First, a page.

The Yankees beat the Phillies 7-4 in Game 4 of the 2009 World Series and are now one victory away from winning their 27th championship.
This was actually a pretty tough game to watch, between a not-terrible Joe Blanton, a somewhat shaky CC Sabathia and a couple of timely Philly solo home runs. In fact, I'm still cleaning the vomit off my keyboard from Pedro Feliz hitting a game-tying home run off Joba Chamberlain in the 8th inning.
Sabathia -- starting on three days' rest -- didn't look particularly crisp and struggled with his command early. That Sabathia made it through 6 2/3 innings only giving up three runs is still damn impressive (including 7 hits and 6 strikeouts), but the third run -- Chase Utley's third solo home run off Sabathia in the World Series -- shaved the Yankees' lead to one run and felt even more damaging given the Yankees' offensive ineptitude.
It looked like the Yankees would be all over Joe Blanton early, scoring two quick runs in the first inning, but Blanton ended up settling in and pitching pretty effectively, giving up four runs on only five hits over six innings. The Philly middle relief corps -- in stark contrast to the Yankee bullpen -- continued to get the job done in the World Series, shutting the Yankees down in the 7th and 8th innings.
Joba Chamberlain took over for Damaso Marte (who again retired the only batter he faced) in the bottom of the 8th inning and came out throwing gas. He got both Jayson Werth and Raul Ibanez swinging on strikes, and looked set to strike the side out, but the light-hitting Feliz had other ideas, blasting a straight fastball right down the middle into the left field seats to tie the game.
Even though the Yankees plated four runs over the first six innings, they didn't look particularly great in doing so, striking out 11 times, and given that the Phillies had clawed back from two deficits to tie the game twice, it felt like this was going to be their night.
Then something amazing happened. Brad Lidge came on to pitch the top of the 9th with the game tied at 4, and promptly picked up two quick outs. Up came Johnny Damon, who had a great night at the plate (3-5, RBI, 2 R). Damon had a nine-pitch battle with Lidge before depositing a bloop single into left field. With Mark Teixeira at bat, Damon not only stole second base, but third too on a heads-up play as he noticed that no one was covering the bag. Lidge plunked Teixeira, bringing Alex Rodriguez to the plate. A-Rod had a fairly quiet night up to that point, only reaching base in the 2nd inning on his 3rd hit-by-pitch in the last two games.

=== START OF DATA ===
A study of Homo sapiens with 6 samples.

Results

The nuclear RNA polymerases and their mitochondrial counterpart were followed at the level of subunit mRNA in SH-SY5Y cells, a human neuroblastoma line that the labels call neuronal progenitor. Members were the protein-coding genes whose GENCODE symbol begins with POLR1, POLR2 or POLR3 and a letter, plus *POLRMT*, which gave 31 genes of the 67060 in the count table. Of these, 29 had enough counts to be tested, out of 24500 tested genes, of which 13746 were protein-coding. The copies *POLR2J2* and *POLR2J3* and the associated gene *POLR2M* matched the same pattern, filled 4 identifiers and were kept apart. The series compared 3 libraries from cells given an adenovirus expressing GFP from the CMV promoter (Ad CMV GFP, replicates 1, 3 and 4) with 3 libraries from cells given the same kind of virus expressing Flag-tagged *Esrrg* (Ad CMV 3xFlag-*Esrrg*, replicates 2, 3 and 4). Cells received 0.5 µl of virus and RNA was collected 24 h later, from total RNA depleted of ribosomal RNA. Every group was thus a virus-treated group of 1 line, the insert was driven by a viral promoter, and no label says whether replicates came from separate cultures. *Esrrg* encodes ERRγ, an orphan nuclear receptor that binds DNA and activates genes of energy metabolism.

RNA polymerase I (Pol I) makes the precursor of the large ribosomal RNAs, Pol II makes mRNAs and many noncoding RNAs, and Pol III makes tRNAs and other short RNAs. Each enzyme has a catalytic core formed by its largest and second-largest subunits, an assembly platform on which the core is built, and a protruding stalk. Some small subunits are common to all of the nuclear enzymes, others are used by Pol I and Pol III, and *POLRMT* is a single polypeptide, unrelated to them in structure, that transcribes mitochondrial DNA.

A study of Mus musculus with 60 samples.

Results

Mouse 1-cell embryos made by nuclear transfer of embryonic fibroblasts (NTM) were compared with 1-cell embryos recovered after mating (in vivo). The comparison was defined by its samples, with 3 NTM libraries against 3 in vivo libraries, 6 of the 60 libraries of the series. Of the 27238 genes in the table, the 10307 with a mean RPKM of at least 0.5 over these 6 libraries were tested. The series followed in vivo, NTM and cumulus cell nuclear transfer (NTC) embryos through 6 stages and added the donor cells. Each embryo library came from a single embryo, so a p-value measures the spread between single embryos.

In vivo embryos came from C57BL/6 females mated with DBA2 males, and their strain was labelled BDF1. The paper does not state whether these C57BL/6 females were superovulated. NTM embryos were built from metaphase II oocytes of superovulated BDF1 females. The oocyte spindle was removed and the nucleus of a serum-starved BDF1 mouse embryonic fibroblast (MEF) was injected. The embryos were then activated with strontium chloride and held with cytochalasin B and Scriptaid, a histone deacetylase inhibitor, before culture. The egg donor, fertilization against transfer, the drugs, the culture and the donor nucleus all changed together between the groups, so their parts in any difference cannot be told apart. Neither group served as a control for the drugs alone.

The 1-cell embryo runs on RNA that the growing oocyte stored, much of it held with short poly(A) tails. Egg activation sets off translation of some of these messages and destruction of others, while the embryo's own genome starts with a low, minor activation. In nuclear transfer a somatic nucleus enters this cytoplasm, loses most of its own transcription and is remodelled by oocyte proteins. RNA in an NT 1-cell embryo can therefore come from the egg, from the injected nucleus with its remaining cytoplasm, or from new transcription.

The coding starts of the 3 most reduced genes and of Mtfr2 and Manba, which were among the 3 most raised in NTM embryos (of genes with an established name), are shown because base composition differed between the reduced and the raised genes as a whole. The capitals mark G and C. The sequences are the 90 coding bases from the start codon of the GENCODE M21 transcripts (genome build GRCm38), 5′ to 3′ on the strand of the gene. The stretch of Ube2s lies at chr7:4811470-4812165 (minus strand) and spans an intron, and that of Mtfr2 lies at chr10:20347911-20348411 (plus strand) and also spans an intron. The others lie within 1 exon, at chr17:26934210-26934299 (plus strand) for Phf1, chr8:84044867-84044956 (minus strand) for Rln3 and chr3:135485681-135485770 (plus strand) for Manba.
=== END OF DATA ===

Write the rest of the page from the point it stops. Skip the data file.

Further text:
A-Rod then did exactly what Alex Rodriguez has done in close and late situations throughout the 2009 postseason: come through with a huge base hit, doubling Damon home to take the lead back 5-4 and sending Teixeira to third. Jorge Posada -- who had also looked fairly lost at the plate earlier in the game -- followed with a big two-run insurance hit, although sloppily got thrown out trying to stretch it to a double to end the inning.
Mariano Rivera came in for the bottom of the 9th inning and did what Mariano Rivera has done in the postseason throughout his entire career: get three outs to close out another Yankee victory.
I know it seems insane to gripe about anything in a huge win that really seemed like it was destined to become a loss, but I do feel the need to point out that the Yankees probably could have made this game less close than it was in the early going, but were inexplicably stifled by Blanton save for the 1st and 5th innings, and shut down by Chan Ho Park and Ryan Madson. Then again, they did score seven runs on no home runs, and I'd have to imagine there weren't too many instances this year in which the Yankees scored seven-plus runs without hitting any homers, so I'm probably making a mountain out of a molehill.
Still, one individual who has been MIA in the postseason yet seems to have flown under the radar is Robinson Cano. There was some talk on Twitter comparing Cano's lack of production to Alfonso Soriano's miserable 2003 postseason, and I thought that was interesting so I decided to look it up. While Cano won't come anywhere near Soriano's insane 26 strikeouts that October, his slash line of .196/.288/.304 is eerily reminiscent of Soriano's .225/.267/.296 in '03, although Soriano put those numbers up in 71 at-bats while Cano's lack of hitting has come over 46 at-bats.
I have to admit it's a bit surreal to think that the Yankees are now one victory away from winning it all, and they have three more chances at it. Even if Cliff Lee comes up big again in Game 5, the series moves back to the Bronx for Game 6, and the Phillies have shown that they really don't have any other great starters besides Lee. Still, this Yankee team is more resilient and seems more focused on getting the job done than they have in years, and I almost wouldn't be surprised to see them find a way to get to Lee and close this thing out in five games.